Squeezed between Inner Mongolia, Gansu and Shanxi, Ningxia is the smallest of China’s provinces, and an autonomous region for the Hui minority. Geographically, the area is dominated by coalfields and the Yellow River, without which the hilly south of the province, green and extremely beautiful, would be barren and uninhabitable desert. In the west of the province, however, the river does actually run past desert dunes at Shapotou, near the city of Zhongwei – one of the most visually arresting sights in China. Other sights include the capital Yinchuan, which makes a pleasant stopover, and one relic from an obscure northern branch of the Silk Road, the delightful Xumi Shan Grottoes, located well away from the Yellow River in the southern hills.
Hui (回, húi) is a vague term, applied to followers of the Muslim faith all over China who have no other obvious affiliation bar Islamic dress and the absence of pork in their diets. Most Hui are descended from Middle Eastern traders who arrived in China over a thousand years ago; men can usually be distinguished by their skullcaps, women often wear headscarves or veils, while the sprouting of minarets is the most obvious sign that you’re in a Hui-populated area. While remaining Muslim, the Hui have otherwise long since integrated with Han culture; barring a few Persian or Islamic words, they speak Chinese as their mother tongue.
Ningxia is the officially designated homeland of the Hui, who today make up about 30 percent of the province’s tiny population of four million. However, most Hui do not live in Ningxia at all, but are scattered around neighbouring regions – particularly Gansu and Shaanxi – to the point where they often seem strangely absent within what is supposed to be “their” land. In Ningxia, as with all the autonomous regions of the Northwest, the central government has steadily encouraged Han immigration – or colonization – as a way of tying the area to the Chinese nation, but the situation of the Hui people is not comparable with that of the disaffected Uyghurs or Tibetans, since there is no talk whatsoever of secession.
The Hui population of Ningxia’s major cities is rather low, but to immerse yourself more fully in the culture take a trip to Guyuan, the Muslim districts in Xi’an, or the Lanzhou–Linxia route in Gansu province.
By the banks of the Yellow River 16km west of Zhongwei, SHAPOTOU is a tourist resort whose main pleasure is in the contrast between the leafy, shady banks of the river, and the harsh desert that lies just beyond. The resort is a Disneyfied place, with cafés, outdoor restaurants and various activities on hand – ferry rides, ziplines over the river, sand-sledding and camel rides. There’s very little shade, so bring a hat and sunscreen. There are two main entrances, one to the south, and another high up to the north; the latter is preferable, since from here you can slide down a huge sand dune to get to the main resort area. Most people come on a day-trip, but you can easily spend an enjoyable night here.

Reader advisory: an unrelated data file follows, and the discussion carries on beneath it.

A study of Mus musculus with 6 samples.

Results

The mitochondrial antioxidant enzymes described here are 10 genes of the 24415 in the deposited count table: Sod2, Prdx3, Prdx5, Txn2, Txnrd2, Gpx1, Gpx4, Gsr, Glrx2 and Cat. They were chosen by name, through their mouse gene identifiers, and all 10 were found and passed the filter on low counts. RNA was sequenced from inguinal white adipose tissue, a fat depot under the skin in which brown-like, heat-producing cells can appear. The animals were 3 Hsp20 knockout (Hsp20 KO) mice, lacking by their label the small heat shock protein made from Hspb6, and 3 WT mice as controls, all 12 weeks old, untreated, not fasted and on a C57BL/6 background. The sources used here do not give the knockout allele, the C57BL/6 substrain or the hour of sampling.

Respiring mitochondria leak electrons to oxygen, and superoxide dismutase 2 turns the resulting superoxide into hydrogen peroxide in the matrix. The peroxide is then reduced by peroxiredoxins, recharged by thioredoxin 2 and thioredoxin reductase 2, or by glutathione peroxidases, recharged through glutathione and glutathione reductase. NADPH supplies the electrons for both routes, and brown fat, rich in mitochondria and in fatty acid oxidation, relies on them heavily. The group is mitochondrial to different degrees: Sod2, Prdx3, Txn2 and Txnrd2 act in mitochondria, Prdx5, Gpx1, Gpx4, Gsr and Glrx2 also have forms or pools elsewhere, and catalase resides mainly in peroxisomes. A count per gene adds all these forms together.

The capital of Ningxia, YINCHUAN is a bland modern city possessing little of essential interest bar the Islamic designs incorporated into many of its buildings, some of which pulse with green neon at night. From 1038, however, Yinchuan was capital of the Western Xia kingdom, an independent state which survived for less than 200 years. It was virtually forgotten about until the early twentieth century, when archeological remains started being recognized for what they were; you should definitely make a visit to their weathered mausoleums, some 20km outside the city.
The Western Xia kingdom
The ancient Western Xia kingdom (1038–1227 AD) encompassed a vast expanse of land, overlapping regions of what is now Ningxia, Gansu and Shaanxi provinces. Established by the nomadic Dangxiang clan of Qiang ancestry, the kingdom had twelve kings and developed its own written language, which combines influences from Mongolian, Tibetan and Chinese. The Western Xia territory survived prior to independence by playing off the Song or Liao dynasties against each other. In 1038, Li Yuanhao, leader of Western Xia, was militarily powerful enough to oppose Song jurisdiction and thus this third kingdom was created. A prosperous period ensued as the kingdom benefited from controlling the trade routes into central Asia. The new era saw a time of great cultural development, a state academy was erected, and future officials took Confucian examinations. Less emphasis, however, was placed on military matters, and in 1227 the Western Xia were obliterated by the Mongol empire of Genghis Khan.